A 3D printed model showing the future look of Barking Riverside has been unveiled, the largest in the country.
A collaboration between 3D printer Hobs Studio and developer Barking Riverside Limited (a joint venture between L&Q and the Greater London Authority), the model shows how the area will look when the 10,800-home development completes in 15 years.
The model, including LED lighting, is meant to be adaptable and will be updated depending on how the detailed plans evolve over time.
“We met up with L&Q and we explained the capabilities of 3D printing to them, that we could make the model faster and that it would have a lot more details than traditional methods,” said Michelle Greeff, managing director of Hobs Studio.
“3D printing is the second industrial revolution,” said Nathan Stockill, modelshop manager at Hobs Studio. “Up until this point, we were always limited by what we could do with our hands. But now whatever you can think you can make.”
Hobs used data from planes scanning London through Lidar technology (laser radar) and combined it with information from the scheme’s architects, Sheppard Robson, for the 3D printing.
“The time you would traditionally spend producing the model, labouring over it, can now be invested in the finishing at the end of the project, emphasising the level of detail of the 3D print,” added Stockill.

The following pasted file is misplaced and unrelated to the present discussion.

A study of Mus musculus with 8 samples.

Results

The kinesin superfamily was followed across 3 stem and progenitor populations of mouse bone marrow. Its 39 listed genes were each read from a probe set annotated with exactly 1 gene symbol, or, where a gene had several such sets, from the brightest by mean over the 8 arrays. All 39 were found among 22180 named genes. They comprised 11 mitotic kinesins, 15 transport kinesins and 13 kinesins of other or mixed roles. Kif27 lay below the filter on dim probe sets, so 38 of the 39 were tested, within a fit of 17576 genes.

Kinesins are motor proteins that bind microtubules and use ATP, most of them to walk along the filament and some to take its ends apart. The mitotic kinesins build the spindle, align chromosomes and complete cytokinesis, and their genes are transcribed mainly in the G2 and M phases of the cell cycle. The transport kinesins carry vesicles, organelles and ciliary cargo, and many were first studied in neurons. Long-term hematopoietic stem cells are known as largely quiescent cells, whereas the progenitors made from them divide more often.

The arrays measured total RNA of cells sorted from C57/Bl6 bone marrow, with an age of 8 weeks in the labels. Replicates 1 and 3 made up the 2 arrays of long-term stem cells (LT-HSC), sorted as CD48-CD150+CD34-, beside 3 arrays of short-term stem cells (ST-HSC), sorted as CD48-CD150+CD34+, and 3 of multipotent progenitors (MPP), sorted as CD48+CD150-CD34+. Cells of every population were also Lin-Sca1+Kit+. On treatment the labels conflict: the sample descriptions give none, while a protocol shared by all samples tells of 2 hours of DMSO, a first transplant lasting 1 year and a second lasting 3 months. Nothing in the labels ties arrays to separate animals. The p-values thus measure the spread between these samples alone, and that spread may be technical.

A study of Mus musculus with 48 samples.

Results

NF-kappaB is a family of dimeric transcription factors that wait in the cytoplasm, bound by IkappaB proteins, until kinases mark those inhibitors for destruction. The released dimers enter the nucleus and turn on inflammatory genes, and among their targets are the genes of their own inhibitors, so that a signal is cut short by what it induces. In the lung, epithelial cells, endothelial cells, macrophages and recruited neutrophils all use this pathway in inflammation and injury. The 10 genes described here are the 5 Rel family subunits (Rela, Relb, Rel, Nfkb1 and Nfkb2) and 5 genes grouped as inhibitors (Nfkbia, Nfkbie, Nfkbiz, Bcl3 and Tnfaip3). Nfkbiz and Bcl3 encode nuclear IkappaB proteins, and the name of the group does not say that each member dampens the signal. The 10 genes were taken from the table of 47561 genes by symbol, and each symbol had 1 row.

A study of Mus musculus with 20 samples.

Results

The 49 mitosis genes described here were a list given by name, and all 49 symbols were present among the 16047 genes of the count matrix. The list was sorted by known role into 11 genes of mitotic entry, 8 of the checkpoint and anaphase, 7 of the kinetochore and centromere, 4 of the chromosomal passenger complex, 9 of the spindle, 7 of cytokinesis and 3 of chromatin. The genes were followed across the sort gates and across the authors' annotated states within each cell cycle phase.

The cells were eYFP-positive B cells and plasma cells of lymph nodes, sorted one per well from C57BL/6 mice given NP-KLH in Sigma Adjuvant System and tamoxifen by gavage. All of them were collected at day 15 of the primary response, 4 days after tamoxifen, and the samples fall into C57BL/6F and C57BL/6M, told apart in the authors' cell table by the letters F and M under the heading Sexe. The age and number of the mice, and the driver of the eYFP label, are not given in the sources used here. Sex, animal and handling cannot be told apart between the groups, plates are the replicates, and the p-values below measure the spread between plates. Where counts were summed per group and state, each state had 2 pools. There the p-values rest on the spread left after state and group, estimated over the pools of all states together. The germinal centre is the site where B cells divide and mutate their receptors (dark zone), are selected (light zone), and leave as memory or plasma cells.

Barking Riverside is being developed on a 180-ha brownfield site on the northern banks of the river Thames, home to three power stations and a landfill site until the 1990s.
The site will include a train station, a promenade, wildlife reserves and a marina.
Work on phase one is already under way: 734 homes have already been built on the site and a further 414 are under construction, with completion expected by summer 2017.
The scheme also includes scope for shops, restaurants, community and leisure facilities, public squares, healthcare and schools.
The area will be served by a £263 million extension of the Gospel Oak to Barking overground line.